Entering yesterday’s game against the Lions, the Steelers were only one of two teams that had not scored on an opening possession in any of their games during the 2013 regular season. During their 3-6 start, Pittsburgh managed to punt the ball away five times and turn it over four times on their opening possessions, and the offense looked like they were in need of a spark.
Thankfully for them, Todd Haley put the ball in his hands of his Pro Bowl signal-caller and essentially told him to rock and fire.
Ben Roethlisberger led a no-huddle and hurry-up attack for the Steelers right out of the gate against Detroit, and the strategy reaped the same types of positive results which it had so many times in the past for “Big Ben.”
On their first drive, Pittsburgh took over at their own 32-yard line after the Lions turned the ball over on downs and Roethlisberger went to work. The Steelers’ signal-caller went 5/5 on the drive, passed for 61 yards, converted two third-and-longs (3rd & 8 and 3rd & 11), and capped off the drive with a 34-yard touchdown pass to Antonio Brown which Brown made two nifty moves to turn the eight yard gain into a score.
On the following drive, Roethlisberger made quick work of Detroit’s secondary once again. After an incomplete pass to Emmanuel Sanders on 2nd and 7 at his own 40-yard line, “Big Ben” hooked up with Brown for a 13-yard gain which moved the chains. On the next play, Pittsburgh’s signal-caller stepped up in the pocket after some pressure, kept his eyes downfield, and found a streaking Brown in the middle of the field. The NFL-leader in receptions dashed towards the end zone for the 47=yard touchdown, and Pittsburgh was up 14-0 with just under four minutes left in the first quarter.
Starting “hot” in the first quarter and early in games has been an issue for Pittsburgh all season long. In fact, the Steelers had scored a combined 19 points total during the first quarters of their 3-6 start entering Sunday’s game against Detroit!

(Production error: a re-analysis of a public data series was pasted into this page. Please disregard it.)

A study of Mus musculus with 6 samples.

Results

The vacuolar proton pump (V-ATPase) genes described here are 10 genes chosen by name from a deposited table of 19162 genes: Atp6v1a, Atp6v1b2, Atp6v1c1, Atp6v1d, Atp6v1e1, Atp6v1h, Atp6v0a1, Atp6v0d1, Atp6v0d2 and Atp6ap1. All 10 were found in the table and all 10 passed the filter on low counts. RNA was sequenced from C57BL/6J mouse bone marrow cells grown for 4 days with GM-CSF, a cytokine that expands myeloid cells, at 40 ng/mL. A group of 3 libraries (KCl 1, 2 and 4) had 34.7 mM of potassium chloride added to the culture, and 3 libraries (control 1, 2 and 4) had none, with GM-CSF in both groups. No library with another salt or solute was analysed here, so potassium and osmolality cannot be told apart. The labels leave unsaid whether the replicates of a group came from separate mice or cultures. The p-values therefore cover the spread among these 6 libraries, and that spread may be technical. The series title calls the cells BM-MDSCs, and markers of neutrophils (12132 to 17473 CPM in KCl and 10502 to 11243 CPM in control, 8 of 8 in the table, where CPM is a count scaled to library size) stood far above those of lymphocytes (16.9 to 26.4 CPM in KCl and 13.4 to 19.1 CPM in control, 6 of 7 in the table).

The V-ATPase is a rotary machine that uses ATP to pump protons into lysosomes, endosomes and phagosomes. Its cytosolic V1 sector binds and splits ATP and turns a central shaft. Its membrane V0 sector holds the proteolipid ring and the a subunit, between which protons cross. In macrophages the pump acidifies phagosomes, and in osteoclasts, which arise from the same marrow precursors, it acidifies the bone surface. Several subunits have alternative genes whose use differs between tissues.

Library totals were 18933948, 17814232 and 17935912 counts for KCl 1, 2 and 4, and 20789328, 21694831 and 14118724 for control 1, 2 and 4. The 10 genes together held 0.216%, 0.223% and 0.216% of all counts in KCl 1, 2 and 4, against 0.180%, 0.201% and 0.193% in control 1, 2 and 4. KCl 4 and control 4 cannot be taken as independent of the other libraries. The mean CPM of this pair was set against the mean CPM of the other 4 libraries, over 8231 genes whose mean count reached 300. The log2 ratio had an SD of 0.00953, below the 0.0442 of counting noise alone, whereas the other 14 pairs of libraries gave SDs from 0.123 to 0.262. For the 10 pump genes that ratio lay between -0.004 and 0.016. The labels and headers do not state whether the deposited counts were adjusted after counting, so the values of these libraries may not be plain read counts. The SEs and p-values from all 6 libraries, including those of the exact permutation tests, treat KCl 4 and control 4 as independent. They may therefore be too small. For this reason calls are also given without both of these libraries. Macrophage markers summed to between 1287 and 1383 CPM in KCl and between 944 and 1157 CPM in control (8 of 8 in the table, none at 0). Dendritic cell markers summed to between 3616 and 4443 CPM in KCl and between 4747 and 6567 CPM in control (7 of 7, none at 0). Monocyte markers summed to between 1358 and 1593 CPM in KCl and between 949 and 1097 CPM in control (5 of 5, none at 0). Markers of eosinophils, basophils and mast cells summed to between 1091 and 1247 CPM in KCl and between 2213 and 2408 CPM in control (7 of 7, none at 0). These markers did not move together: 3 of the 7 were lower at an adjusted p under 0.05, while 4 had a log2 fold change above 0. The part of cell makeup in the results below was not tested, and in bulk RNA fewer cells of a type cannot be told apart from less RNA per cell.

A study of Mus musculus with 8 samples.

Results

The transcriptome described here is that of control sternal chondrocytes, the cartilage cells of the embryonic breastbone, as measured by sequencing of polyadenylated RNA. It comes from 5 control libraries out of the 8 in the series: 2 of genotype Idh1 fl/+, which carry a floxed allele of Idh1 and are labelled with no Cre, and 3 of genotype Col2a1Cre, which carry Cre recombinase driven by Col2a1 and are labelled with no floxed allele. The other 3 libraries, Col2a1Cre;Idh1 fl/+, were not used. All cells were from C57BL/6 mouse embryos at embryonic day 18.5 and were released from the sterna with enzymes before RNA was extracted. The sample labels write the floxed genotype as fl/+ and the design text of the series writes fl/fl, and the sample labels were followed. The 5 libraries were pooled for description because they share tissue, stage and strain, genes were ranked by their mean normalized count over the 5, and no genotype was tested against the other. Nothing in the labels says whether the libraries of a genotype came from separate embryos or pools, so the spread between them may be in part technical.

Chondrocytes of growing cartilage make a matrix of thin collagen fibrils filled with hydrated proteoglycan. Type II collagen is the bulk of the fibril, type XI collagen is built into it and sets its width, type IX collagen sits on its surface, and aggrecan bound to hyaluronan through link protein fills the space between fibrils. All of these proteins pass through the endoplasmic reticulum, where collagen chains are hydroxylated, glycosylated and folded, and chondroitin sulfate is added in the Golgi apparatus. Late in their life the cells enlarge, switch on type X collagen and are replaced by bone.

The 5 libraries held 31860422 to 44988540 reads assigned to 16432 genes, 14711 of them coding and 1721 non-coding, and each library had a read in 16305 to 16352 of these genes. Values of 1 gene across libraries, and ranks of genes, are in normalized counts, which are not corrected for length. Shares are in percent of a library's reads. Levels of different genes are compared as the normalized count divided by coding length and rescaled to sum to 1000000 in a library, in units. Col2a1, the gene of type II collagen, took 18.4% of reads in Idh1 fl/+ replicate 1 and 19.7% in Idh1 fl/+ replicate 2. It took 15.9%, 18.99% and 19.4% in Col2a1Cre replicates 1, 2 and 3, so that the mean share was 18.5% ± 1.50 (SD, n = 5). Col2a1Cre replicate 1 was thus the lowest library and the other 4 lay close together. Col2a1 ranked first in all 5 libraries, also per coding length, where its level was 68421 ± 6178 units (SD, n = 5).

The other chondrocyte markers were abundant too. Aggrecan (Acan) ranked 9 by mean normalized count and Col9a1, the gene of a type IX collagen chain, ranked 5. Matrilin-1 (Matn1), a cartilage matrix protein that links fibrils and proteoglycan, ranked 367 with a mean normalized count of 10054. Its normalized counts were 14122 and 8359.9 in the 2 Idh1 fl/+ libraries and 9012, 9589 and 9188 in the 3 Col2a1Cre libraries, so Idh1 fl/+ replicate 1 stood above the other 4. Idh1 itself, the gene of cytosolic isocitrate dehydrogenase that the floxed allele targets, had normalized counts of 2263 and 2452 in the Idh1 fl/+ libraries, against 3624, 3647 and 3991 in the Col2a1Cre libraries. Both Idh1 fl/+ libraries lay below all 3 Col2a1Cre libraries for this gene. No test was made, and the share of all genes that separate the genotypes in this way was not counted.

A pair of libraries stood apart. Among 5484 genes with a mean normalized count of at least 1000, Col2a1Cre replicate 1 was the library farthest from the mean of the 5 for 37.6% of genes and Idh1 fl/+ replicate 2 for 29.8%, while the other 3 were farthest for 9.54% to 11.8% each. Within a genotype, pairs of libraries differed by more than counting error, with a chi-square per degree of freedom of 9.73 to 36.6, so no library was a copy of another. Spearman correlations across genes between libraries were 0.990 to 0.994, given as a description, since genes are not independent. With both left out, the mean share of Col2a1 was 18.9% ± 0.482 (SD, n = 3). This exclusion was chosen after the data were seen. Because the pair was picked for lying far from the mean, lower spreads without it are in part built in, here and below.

It was also fantastic to see the no-huddle and hurry-up utilized early in yesterday’s game, and it definitely surprised the Lions’ defense as well. Although the 14-0 lead evaporated during the second quarter, Pittsburgh’s offense showed a potency in the first quarter which we had not seen at all this fall. They exploited matchup weaknesses in Detroit’s secondary, and largely scrapped the run so they could attack them with their best play-makers.
At least to me, keeping opposing defenses on their toes and gobbling up chunks of yardage at will should be something that the Steelers’ offensive players do early in games. It is something they save for the final two minutes of each half or when they are trailing by large margins.
My hope is that Pittsburgh’s offense can begin to attack their opposition early and often during their final six games, because the unit showed a tremendous amount of potential on Sunday against the Lions. Providing their defense with early leads can make that unit more aggressive, and the more aggressiveness put on display by the defense could lead to more takeaways and scoring chances for the offense during the games.